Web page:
Life In The Fastened Lane
I've been with my boyfriend for a year, and I love him, but I also love my independence. I need alone time, meaning space from him and everybody. He wants to spend every minute together and seems to need constant closeness to feel okay. Is this a bad sign — on his part or mine? Should I want to spend every second with him?
The sort of relationship where the partners are never apart tends to be a good thing for only one of them: the tapeworm.
Chances are your boyfriend's preference for a more, uh, conjoined style of romantic partnership is shaped by his "attachment style." "Attachment" is British psychiatrist John Bowlby's term for a person's habitual way of relating in close relationships: for example, securely (feeling they can generally count on others to be there for them) or insecurely (suspecting others will bolt on them at any moment).
Our expectations for how we'll be treated by romantic partners appear to be driven by how we, as infants and tots, were treated by our closest caregivers. For example, if infant us shrieked out of fear or hunger or because of a soggy diaper, did our primary caregiver (usually Mommy, but maybe Daddy) reliably come running to soothe us and fix the problem? If so, we'd be likely to develop the psychological orientation that psychologist Mary Ainsworth, building on Bowlby's work, called a "secure base from which to explore."
If, however, our shrieks were ignored or only sometimes met with comforting, we'd likely end up "insecurely attached," and this would become a template for how we act in our adult relationships. (Hello, fear of abandonment and boyfriend whose romantic role model seems to be "court-ordered electronic ankle monitor"!)
Decide what independence means to you in practical terms, like how much alone time you need and anything else that's important for you, and tell him. Research suggests a person can change their attachment style—become more secure—but it takes a good bit of work on their part and their partner's (through frequent reassuring attention and cuddly touch to challenge their expectation of abandonment). Are you and he willing to invest the effort? If not, you probably have to swap him out for a partner who's more emotionally together: "I need you because I love you" (not "because I feel like a gaping human void without you").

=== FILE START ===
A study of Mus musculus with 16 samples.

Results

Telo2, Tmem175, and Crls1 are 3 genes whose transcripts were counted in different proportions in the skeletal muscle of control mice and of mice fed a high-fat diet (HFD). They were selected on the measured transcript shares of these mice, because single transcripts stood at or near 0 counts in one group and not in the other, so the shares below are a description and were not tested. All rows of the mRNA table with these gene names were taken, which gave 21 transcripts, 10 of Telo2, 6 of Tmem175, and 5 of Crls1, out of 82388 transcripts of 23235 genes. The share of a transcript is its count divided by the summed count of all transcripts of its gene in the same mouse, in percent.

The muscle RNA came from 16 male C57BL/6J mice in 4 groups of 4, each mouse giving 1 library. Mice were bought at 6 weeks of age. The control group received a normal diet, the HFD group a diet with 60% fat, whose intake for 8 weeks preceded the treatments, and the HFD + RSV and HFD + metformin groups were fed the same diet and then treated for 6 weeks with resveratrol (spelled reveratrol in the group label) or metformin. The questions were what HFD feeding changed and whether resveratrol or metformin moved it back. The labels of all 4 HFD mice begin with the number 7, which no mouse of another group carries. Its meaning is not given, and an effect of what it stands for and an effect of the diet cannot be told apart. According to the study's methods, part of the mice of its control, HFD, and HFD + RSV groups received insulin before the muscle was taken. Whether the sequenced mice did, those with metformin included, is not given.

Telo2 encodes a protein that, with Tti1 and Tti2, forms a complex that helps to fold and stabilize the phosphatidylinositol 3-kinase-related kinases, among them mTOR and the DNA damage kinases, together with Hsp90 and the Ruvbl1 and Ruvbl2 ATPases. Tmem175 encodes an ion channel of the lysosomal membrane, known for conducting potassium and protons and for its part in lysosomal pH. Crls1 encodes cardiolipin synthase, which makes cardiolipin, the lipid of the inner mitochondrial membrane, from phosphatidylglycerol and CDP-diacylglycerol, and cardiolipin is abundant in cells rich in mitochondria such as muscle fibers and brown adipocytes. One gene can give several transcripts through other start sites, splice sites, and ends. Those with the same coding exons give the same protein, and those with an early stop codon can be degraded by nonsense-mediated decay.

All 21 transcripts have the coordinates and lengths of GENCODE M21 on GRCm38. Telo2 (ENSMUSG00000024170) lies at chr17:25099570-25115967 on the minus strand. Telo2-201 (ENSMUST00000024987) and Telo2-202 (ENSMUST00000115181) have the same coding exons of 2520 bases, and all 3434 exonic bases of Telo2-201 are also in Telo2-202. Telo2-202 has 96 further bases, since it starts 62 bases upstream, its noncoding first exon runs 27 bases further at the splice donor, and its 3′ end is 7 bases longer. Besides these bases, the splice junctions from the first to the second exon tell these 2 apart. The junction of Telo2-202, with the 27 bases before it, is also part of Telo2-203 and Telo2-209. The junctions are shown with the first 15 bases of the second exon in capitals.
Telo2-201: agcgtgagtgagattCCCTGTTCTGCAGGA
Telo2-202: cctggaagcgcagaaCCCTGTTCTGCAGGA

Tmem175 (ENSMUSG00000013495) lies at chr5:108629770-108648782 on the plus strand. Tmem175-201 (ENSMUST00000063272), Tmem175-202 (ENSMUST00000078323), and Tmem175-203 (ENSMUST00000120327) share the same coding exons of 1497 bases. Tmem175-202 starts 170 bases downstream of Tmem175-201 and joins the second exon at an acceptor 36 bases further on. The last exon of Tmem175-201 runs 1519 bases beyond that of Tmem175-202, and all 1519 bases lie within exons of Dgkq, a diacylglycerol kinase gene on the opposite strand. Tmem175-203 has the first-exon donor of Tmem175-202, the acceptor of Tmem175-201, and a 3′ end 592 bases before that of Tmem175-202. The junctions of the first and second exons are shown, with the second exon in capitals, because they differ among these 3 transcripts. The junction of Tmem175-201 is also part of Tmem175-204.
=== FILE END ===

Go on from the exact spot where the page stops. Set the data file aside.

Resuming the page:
This guy texts and FaceTimes me daily, and he finally asked me out. I was expecting a date, but it was a group dinner in his friend's backyard, and he didn't make a move all evening. I was sure he was into me, and we're both fully vaccinated. What's his deal?
Sexually, if your date is a total animal, you'd prefer it not be the sort that gets bungeed to the hood of a hunter's station wagon.
The underlying problem here is "information asymmetry," which Nobel Prize-winning economist Joseph Stiglitz explains as "Different people know different things." (Asymmetry is simply a lack of symmetry, sameness: disproportion between parts of something, including unequally available information.) Information asymmetry is an element of "signaling theory," an area of economics that looks at the ways people behave — flowing from the decisions they make—because of the information they have (or lack).
In this situation, you know you want the guy to end the evening all mwah-mwah-makeout, but his mind might be filled with a bunch of bouncing question marks about whether you're into him. It's also possible he realized he's just not that into you, he wants to take things slowly, or he's generally timid about making moves on women (or especially so in hopes of avoiding #himtoo).
What ends the asymmetric information stalemate? Information! Send signals revealing the information you have that he does not: "I'M INTO YOU AND WANT YOU TO MAKE A MOVE!" Flirting is the ideal way to communicate this, as it gives each of you an ego cushion—the ability to pretend it doesn't mean what it seems to mean—that putting it out there in plain words does not. Powerful forms of flirting include: looking into his eyes while you talk, touching him, playing with your hair, and playing with your clothes or his. Err on the side of flirting heavily—way more than seems reasonable—because men can be a bit hint-blind.
His getting this information is likely to push him into action—or tell you he's gotta bow out. But maybe consider being a little bit patient. It was one date! My guess? Life mirrored art: those rom coms where the "nice guy" wants to kiss the girl at the door, but—whoa! There go his testicles, leaping out of his pants and going off to hide in the bushes, and he gives her a handshake goodnight.